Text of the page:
Over the last few months, I've become interested in designing, manufacturing, and building golf clubs.

I do not have an engineering background, nor any special aptitude with physics or math, so this could be a short-lived venture! I do think I have an idea for a putter, though, and I'm going to build it and test it, both on course and at a putt lab. 

After that, or perhaps during, I'm going to try and cast some iron heads. I've got a design for those, too, but I'm going to have to get more proficient at the autoCAD software I'm using so that I can render a proper 3D model. I reached out to Jeff Sheets last Friday, at jeffsheetsgolf.com, but as of this writing he had not responded, so I might have to find someone else.

That has been a struggle -- finding websites that have the more granular information and guidance that I need, especially when it comes to drivers being made. There's plenty of videos on the forging and casting process of irons, but I haven't found anything on the production of drivers/fairway woods, which has been pretty annoying. I assume a lot the difficulty is that the processes involved are proprietary.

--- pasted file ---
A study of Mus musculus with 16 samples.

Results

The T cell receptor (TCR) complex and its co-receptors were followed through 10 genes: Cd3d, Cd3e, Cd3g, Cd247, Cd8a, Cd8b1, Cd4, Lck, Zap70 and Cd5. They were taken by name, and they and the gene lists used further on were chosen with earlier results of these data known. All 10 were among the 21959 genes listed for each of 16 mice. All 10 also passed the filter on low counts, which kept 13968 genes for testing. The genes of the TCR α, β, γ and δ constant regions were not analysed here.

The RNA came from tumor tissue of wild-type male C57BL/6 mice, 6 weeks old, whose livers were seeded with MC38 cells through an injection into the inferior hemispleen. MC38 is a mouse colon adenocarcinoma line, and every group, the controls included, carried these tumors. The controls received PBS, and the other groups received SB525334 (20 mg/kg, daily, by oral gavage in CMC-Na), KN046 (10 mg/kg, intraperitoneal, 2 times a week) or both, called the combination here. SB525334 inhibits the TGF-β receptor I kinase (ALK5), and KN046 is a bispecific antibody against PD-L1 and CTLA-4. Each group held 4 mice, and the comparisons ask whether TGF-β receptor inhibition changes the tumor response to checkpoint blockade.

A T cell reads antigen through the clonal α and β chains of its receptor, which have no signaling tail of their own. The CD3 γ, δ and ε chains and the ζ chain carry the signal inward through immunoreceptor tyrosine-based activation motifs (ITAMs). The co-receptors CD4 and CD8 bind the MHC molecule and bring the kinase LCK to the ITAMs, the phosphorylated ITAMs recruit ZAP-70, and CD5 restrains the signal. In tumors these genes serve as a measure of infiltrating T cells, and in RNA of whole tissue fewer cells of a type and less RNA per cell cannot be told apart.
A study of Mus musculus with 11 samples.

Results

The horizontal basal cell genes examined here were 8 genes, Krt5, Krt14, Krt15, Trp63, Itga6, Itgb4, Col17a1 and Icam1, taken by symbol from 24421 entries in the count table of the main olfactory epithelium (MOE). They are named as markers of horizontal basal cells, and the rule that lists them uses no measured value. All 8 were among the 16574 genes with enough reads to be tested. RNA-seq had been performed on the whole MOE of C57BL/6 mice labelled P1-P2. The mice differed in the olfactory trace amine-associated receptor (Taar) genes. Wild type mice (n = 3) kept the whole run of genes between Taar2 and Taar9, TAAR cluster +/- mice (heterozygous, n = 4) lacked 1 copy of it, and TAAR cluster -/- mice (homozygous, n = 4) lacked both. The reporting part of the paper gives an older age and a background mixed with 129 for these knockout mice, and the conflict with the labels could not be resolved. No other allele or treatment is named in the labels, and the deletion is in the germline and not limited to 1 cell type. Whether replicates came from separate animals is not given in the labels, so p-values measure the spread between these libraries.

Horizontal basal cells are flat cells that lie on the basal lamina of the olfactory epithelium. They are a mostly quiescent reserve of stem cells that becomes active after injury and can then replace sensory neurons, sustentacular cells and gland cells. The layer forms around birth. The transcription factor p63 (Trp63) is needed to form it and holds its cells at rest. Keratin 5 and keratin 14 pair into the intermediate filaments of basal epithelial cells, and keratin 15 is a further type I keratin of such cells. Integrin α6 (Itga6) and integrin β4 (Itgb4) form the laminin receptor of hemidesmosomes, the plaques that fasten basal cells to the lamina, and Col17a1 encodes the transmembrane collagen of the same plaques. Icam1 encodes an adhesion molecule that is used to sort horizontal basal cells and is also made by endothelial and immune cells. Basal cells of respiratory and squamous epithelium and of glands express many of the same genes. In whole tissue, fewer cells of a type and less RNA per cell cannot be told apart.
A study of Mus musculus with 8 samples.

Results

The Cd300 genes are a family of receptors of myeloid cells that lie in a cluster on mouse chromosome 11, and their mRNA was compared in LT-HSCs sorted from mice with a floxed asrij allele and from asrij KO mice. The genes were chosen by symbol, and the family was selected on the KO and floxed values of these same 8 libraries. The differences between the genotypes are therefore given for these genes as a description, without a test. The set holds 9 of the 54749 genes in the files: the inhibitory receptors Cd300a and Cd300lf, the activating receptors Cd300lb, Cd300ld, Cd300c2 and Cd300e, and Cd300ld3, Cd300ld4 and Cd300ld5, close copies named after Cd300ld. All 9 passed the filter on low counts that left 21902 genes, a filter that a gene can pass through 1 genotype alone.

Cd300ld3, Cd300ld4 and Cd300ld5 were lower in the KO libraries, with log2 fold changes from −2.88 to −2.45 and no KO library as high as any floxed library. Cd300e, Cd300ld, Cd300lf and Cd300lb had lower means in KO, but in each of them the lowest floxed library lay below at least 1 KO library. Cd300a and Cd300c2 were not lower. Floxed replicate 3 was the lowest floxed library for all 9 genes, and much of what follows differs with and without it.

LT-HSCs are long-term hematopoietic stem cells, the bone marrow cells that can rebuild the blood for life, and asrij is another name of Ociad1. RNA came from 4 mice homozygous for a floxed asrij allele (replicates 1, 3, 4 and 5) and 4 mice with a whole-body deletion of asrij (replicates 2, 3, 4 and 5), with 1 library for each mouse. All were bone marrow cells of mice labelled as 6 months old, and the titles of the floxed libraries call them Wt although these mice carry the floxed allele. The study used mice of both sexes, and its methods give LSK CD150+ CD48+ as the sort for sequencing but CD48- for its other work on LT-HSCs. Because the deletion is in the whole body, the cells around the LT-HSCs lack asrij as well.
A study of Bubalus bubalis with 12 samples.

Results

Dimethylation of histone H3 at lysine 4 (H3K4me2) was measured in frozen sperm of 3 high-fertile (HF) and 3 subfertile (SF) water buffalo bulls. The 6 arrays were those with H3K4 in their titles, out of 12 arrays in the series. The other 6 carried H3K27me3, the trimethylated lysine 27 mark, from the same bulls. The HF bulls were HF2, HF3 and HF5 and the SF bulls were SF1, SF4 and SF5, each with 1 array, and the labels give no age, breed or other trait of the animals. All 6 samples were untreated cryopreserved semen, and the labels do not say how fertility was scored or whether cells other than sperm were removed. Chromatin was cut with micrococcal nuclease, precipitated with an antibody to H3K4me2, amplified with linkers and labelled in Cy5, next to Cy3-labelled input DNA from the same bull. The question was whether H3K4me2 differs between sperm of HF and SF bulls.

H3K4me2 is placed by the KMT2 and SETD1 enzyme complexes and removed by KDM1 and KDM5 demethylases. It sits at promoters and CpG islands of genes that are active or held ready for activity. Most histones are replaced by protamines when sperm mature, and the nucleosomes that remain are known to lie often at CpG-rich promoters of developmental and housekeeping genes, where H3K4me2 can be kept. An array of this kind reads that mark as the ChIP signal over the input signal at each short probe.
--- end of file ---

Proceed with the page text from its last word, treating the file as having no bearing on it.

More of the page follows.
Bombtech Golf has been a big source of inspiration -- both in specifics (I love their story), and in general, as its led me to the world of smaller golf brands, of which I knew very little. I hope that I can make something worthwhile at a good price, and if I'm lucky, maybe make a little money, too. 

I'll probably be posting things in this blog, documenting my progress as I go. The next thing I post will probably be a crude prototype of the putter I'm working on! 


Stuff I've Enjoyed So Far

- digging into golf manufacturing overseas, especially China and Vietnam.

- finding one thousand four piece golf balls for $600 at a Chinese factory. 

- learning that you cannot arc weld titanium to carbon steel, but you can friction or resistance weld it.

- friction welding: "solid-state welding process that generates heat through mechanical friction between workpieces in relative motion to one another, with the addition of a lateral force called "upset" to plastically displace and fuse the materials."

- resistance welding: "joining of metals by applying pressure and passing current for a length of time through the metal area which is to be joined"


Should be an interesting journey, at the least!